Aaron Rodgers has been the blunt victim of the Covid Nazis in America, and he’s fighting back. He’s a Super Bowl Champion, one of the greatest legendary quarterbacks in NFL history, and when he speaks, people listen.
That’s why the powers that be are so scared of this guy speaking out, and it’s amazing to see. With an Anti-Cancel Culture hoodie on, Aaron Rodgers fired shots this week.
Rodgers joined “The Pat McAfee Show” and discussed the NFL’s response to Covid-19 outbreaks and health protocols for those who came down with the virus during the season.
According to Packer News, at least 100 players tested positive last week alone, and the league has begun testing vaccinated players. Yes, we’re serious, even though Twitter bans those who claim the vaccinated can spread or catch Covid.
Rodgers pointed out that he’s frustrated by the lack of public conversation about health during the pandemic.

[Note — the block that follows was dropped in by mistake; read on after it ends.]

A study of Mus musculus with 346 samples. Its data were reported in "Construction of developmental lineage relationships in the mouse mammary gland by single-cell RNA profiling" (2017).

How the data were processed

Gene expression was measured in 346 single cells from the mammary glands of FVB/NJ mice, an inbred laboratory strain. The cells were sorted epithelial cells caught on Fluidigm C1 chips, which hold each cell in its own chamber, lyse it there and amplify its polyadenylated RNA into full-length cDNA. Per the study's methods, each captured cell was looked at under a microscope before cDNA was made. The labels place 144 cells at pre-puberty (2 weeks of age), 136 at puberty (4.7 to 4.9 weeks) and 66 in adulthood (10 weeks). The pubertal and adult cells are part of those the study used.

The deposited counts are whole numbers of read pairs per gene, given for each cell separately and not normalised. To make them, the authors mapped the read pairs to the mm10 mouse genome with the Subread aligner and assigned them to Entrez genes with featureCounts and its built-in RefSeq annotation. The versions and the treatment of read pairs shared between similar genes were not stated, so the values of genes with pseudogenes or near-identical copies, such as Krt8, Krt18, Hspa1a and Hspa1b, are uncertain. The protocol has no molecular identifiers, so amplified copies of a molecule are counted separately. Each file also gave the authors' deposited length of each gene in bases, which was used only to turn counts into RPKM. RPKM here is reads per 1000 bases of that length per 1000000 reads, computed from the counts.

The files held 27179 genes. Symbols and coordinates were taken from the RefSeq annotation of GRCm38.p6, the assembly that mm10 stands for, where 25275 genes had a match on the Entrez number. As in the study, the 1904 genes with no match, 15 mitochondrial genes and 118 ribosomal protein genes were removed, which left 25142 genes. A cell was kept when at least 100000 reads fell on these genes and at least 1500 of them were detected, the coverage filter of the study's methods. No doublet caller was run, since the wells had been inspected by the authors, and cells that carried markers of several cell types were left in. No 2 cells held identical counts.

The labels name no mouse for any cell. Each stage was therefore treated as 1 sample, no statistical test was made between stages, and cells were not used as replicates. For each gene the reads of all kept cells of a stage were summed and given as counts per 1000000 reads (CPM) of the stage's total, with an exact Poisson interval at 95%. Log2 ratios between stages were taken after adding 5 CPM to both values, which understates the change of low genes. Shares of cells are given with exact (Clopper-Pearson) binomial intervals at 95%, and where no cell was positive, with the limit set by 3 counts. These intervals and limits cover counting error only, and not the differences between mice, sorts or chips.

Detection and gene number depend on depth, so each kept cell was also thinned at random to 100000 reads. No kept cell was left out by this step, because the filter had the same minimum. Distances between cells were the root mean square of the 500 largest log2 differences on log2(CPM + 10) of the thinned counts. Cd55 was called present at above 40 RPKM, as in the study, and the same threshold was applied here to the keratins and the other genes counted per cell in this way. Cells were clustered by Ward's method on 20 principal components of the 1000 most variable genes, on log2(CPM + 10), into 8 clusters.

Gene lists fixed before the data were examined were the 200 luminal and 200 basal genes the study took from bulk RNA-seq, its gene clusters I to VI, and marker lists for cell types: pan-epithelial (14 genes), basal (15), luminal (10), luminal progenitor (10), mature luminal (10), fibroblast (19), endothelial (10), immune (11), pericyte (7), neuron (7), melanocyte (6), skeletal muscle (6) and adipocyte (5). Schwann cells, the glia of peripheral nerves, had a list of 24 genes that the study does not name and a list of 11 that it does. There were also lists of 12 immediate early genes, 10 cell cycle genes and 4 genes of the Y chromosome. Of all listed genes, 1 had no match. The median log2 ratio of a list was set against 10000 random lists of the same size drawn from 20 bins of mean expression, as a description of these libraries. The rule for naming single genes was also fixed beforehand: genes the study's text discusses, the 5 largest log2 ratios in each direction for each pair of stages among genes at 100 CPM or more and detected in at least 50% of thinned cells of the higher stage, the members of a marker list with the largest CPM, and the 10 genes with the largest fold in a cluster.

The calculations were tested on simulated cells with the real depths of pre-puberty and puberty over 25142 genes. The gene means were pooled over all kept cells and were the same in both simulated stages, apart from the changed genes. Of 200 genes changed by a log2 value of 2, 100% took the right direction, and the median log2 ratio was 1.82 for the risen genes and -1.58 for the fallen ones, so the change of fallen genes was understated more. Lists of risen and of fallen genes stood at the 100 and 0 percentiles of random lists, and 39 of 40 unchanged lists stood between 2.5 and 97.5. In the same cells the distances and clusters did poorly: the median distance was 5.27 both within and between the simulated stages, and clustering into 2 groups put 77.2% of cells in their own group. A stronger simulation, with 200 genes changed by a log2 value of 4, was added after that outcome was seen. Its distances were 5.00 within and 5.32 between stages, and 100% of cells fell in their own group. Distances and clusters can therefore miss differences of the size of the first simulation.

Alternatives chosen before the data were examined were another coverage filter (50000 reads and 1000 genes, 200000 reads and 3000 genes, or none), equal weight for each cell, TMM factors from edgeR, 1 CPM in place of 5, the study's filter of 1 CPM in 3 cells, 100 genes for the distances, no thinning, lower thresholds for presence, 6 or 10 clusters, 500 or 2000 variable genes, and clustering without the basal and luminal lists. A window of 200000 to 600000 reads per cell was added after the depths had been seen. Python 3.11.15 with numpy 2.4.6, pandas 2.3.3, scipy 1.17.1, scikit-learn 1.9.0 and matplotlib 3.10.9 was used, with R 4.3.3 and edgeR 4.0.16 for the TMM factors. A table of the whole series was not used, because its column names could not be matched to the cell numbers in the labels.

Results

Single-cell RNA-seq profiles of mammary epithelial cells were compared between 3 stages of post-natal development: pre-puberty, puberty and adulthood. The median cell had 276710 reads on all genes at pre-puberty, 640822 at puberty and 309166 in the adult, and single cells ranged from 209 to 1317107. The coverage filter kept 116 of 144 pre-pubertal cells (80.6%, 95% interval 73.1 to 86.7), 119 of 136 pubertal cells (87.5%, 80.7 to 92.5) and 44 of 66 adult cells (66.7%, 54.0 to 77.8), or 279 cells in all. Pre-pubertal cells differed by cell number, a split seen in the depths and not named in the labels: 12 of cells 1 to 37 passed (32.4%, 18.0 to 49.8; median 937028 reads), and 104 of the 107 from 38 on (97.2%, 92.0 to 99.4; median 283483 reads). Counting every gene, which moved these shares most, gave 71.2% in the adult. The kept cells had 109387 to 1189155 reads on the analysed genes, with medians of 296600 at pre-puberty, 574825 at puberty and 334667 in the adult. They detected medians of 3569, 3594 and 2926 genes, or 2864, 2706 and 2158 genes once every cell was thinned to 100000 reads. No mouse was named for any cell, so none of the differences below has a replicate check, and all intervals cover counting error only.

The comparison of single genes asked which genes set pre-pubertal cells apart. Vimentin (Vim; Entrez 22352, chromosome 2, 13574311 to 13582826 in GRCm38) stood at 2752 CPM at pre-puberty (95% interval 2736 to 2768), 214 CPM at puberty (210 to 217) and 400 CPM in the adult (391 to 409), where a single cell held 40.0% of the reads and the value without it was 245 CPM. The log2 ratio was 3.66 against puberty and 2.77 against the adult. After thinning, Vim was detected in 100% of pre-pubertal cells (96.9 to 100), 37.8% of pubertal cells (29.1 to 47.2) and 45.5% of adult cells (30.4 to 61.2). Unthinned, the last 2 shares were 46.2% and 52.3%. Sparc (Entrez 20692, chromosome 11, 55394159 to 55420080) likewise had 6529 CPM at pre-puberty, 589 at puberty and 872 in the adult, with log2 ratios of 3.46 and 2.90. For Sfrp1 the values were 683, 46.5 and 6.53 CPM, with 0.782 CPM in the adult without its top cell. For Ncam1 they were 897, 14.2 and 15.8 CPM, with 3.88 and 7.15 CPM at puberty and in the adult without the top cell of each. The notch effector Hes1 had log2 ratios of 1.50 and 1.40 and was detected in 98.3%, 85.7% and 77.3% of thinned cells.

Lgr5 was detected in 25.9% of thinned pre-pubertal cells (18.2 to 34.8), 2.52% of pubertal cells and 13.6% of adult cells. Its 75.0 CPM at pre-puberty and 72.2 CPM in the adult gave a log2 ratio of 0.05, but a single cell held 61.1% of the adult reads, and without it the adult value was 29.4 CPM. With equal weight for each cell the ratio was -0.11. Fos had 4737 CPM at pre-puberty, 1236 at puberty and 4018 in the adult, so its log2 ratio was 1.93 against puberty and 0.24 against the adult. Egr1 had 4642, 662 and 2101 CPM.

“The one frustration that I have in all of this is that throughout this entire time, there hasn’t been a real conversation around health, as far as giving people things to think about like how to be healthier, as far as your diet, and vitamins and exercise,” Rodgers said.
He continued, “The other thing that hasn’t been talked about is treatments. I’ve talked to a lot of friends who had COVID, including Joe [Rogan], and figured out a protocol that I had ready in case I got COVID.”
In November, Rodgers — during another interview with McAfee — discussed treatments to bolster one’s immune system, such as zinc, vitamin C, and more.
“I believe strongly in bodily autonomy and ability to make choices for your body, not have to acquiesce to some woke culture or crazed group of individuals who say you have to do something,” he said during the November interview. “Health is not a one-size-fits-all for everybody.”
During his own bout with coronavirus, Rogers said that he took ivermectin, zinc, and vitamin C and underwent monoclonal antibody treatment for COVID-19.
On Tuesday, he said that the treatments he chose to got the virus’ symptoms under control within 36 hours.
“I don’t understand why society and the NFL hasn’t talked about legitimate treatment options,” Rodgers said. “And monoclonal antibodies I believe is one of them.”
Thanks to our friends at The Blaze for contributing to this article.